I’m for a multi-laypreacher system, yet not a multi-pastoral system. That would surely mean many needs would get dropped.
After almost nine decades of listening to sermons, I think I have a right to express an opinion. My first sermon-listening experiences took place in the little Mennonite Brethren Church at Laird, Saskatchewan – but only during the summer. During the winter we children attended the United Church of Sunday school and a worship service only rarely. A frozen river between where we lived and the church meant winter travel was impossible.
This Laird congregation was a small group of Kanadier, Mennonite descendants of the first wave of immigrants to Canada in the 1870s, and a smaller number of Russian Mennonite Brethren, who came in the 1920s. Services were held in German in the mornings and English in the evenings – a good tradeoff.
“Do you have a word from the Lord for us this morning, Brother Funk?” the church leader asked my father when our family entered the small entry way. Long distance telephone calls were too expensive in the early 1930s and letters too uncertain. A good preacher always knew if God had been speaking to him during the week, knowing he might be asked to preach.
Yes, Dad a message from the Lord in his Bible and his heart. He had wrestled it out for several weeks, maybe even months, while stocking shelves in his grocery store, dusting cans, waiting on customers, watching the weather.
He worked at it like I do a blog – while baking chicken for lunch, knitting a square for an afghan, walking, resting. His sermons came out of his life experiences with his customers and his early life in the Ukraine. I have only one of his sermons one he preached to me one Sunday afternoon in Edmonton before his death, while he was sitting on the living room couch and I took notes.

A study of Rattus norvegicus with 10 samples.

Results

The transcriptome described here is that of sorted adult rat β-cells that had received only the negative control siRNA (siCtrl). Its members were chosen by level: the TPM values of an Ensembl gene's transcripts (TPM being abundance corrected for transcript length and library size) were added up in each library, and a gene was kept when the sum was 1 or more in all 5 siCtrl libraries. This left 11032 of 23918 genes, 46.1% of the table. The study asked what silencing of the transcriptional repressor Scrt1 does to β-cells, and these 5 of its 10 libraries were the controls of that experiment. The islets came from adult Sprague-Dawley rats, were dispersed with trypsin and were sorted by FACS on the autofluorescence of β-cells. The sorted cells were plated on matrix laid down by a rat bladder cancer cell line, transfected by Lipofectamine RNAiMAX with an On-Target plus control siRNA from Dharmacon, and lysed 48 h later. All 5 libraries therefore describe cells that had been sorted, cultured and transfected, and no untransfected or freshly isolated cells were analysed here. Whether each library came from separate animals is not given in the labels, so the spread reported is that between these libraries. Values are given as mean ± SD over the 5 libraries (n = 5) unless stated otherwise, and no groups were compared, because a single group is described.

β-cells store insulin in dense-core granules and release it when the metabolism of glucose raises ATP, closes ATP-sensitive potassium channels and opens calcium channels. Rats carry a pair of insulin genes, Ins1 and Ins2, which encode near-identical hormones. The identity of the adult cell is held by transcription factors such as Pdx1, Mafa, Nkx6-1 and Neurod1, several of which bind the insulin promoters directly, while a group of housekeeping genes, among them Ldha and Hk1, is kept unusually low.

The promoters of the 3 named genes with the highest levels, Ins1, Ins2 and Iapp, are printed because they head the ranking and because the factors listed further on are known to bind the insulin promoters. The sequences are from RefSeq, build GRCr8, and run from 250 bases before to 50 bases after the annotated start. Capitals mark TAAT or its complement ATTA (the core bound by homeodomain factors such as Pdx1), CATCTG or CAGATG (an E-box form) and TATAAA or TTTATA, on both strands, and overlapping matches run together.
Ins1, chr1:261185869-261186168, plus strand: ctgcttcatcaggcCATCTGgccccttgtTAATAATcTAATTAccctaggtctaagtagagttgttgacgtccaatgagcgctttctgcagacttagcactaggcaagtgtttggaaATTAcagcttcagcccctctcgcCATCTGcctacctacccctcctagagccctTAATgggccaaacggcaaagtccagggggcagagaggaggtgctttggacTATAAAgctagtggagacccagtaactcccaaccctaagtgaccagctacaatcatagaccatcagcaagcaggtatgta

This sermon came out of his life and had to do with how the wind affected the the windmill his father owned and operated high on the hill in Rosenthal near Chortitza. It had to do with the similarity between the wind and the Holy Spirit, and that he, as a miller, couldn’t control the direction of the wind. The application was clear: you can’t control the working of the Spirit. Don’t force the mystery of how the Spirit works.
I grew up when Bibles got worn out – literally. I showed my father’s Bible to my son James recently. The cover is crudely patched with tape and artificial leather. I can still see him, sitting at the table, wetting his thumb with this tongue, before turning the page, which resulted in deeply gouged pages. Passages are underlined, explanations added in the margins, and the book itself full of clippings. A Bible used this much fell apart.
The Bible was my father’s source of inspiration, and he worked hard to connect it to life – to discrimination, prejudice, and the need for making personal peace with Christ as Savior. After all, he had been an ordained deacon/evangelist in Russia. Whether he succeeded is not for me to judge. He preached what he thought he had to say.
To preach every Sunday with a message that enlightens, inspires, challenges, comforts, is a tall assignment – especially one that meets the specific needs of the congregation for that time.
I have been reading Jeremiah, the weeping prophet. I was struck again by how rich his language was – studded with gems of similes, metaphors and symbols arising from the life of the Israelites. He spoke to a specific situation: Nebuchadnezzar of Babylon will capture you and take you away, don’t flee to Egypt, you will return. Jeremiah knew his God and knew his people and he tried to bring a message from the Lord for the people.
The lectionary is a good idea – but not when it binds the preacher. The present professional pastoral system is a good idea – but I look for the surprise sermon by someone who has been working on a word from God for weeks, maybe months. I keep looking for the church leader to ask a man or woman coming into the building, “Do you have a message from God for the people today?”